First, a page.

Consumer Health Digest #15-34

Your Weekly Update of News and Reviews
August 30, 2015


Consumer Health Digest is a free weekly e-mail newsletter edited by Stephen Barrett, M.D., with help from William M. London, Ed.D., M.P.H. It summarizes scientific reports; legislative developments; enforcement actions; news reports; Web site evaluations; recommended and nonrecommended books; and other information relevant to consumer protection and consumer decision-making.


CVS quits Chamber of Commerce over cigarette lobbying. CVS Health Corp., which was the first drugstore chain to stop selling tobacco products, has resigned from the U.S. Chamber of Commerce in response to news that the chamber and its affiliates were undertaking a global lobbying campaign against anti-smoking laws. [Hakim D. CVS Health quits U.S. Chamber over stance on smoking. The New York Times, July 7, 2015] In a letter to the New York Times, the chamber claimed that it wants people to stop smoking but was fighting "measures that . . . single out one industry for discriminatory treatment." A report from the Campaign for Tobacco-Free Kids lays bare the history of the Chamber's pro-tobacco activities.


Oregon Medical Board clamping down on chelation therapy. The Oregon Medical Board has reprimanded Richard C. Heitsch, M.D., fined him $10,000, and ordered him to stop treating heavy metal toxicity or administer chelation therapy. The stipulated order indicates that the board was concerned about his management of six patients who were chelated without adequate reason. In five of the cases, the diagnosis was based on challenge testing—also called provoked testing—in which their urine was collected after a chelating drug was given to the patient. Because chelators artificially raise the concentration of excreted metals, the results are clinically meaningless. During the time the trouble occurred, Heitsch was medical director of the Integrated Medicine Group in Portland, Oregon.

Oregon's health authorities appear to be making it increasingly difficult for doctors within the state to misdiagnose metal toxicity and administer inappropriate chelation therapy. In 2011, the Oregon Health Authority issued a detailed handout that warned against these practices. In 2013, the Oregon Medical Board issued a statement of philosophy that said:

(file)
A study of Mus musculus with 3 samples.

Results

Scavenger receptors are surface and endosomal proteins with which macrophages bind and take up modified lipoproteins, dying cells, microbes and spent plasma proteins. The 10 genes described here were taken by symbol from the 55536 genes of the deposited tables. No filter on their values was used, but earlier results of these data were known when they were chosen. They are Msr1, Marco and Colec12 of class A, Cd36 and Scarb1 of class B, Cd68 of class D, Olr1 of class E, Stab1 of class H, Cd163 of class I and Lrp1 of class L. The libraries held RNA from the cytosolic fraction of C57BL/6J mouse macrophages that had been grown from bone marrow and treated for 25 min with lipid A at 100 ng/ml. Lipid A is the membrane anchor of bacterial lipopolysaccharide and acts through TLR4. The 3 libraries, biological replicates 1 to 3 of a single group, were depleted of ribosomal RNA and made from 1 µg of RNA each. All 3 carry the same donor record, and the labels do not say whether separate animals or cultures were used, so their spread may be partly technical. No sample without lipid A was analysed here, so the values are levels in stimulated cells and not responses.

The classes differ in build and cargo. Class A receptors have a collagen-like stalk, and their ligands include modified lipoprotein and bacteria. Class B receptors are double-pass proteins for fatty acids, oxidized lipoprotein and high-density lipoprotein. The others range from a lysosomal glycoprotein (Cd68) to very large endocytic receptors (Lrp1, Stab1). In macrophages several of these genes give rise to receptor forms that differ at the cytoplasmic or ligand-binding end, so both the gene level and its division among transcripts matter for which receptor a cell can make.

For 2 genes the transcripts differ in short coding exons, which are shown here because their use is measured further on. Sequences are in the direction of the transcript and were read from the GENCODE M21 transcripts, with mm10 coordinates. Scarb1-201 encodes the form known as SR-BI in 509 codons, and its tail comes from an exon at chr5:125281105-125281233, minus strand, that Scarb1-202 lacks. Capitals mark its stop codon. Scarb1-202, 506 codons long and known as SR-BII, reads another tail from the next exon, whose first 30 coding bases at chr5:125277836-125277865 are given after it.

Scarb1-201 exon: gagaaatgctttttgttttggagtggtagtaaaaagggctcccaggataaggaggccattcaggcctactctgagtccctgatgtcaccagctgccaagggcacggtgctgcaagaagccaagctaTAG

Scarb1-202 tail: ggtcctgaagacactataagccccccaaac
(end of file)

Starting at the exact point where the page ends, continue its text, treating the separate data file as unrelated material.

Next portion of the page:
A provider who treats a patient with chelation therapy for any medical condition first must verify the toxic levels of heavy metals. Post-chelator challenge urinary metal testing does not meet the standard of care for diagnosis of heavy metal toxicity. . . . The Board cautions providers to use chelation treatment only after a diagnosis of heavy metal toxicity, which includes a blood test or other accepted unprovoked test confirming the presence of heavy metals, and a careful determination that chelation therapy is appropriate for the particular patient.

Recent Google searches indicate that many naturopaths in Oregon still promote inappropriate chelation but medical providers say little or nothing about it.


Wayne Dyer's death announced. Wayne W. Dyer, D.Ed., who catapulted to popularity in the mid-1970s with a self-help book called Your Erroneous Zones, has died at the age of 75. The cause of death has not been announced, but press reports indicate that in 2009, Dyer was diagnosed with chronic lymphocytic leukemia, which he claimed to have treated with positive thinking, daily exercise and "psychic surgery" performed remotely by the Brazilian medium known as "John of God." Although many of Dyer's writings provide practical advice, he became progressively more mystical as time went on. His Web site states that "it is possible for every person to manifest their deepest desires—if they honor their inner divinity and consciously choose to live from their "Highest Self.'" His blog has supported questionable diet books, a book about emotional freedom technique, and other irrational health-related publications. In 2012, PBS Ombudsman Michael Getter concluded that his frequent appearances during the network's on-air pledge drives, contained excessive religiosity that violated PBS's Editorial Standards and Policies.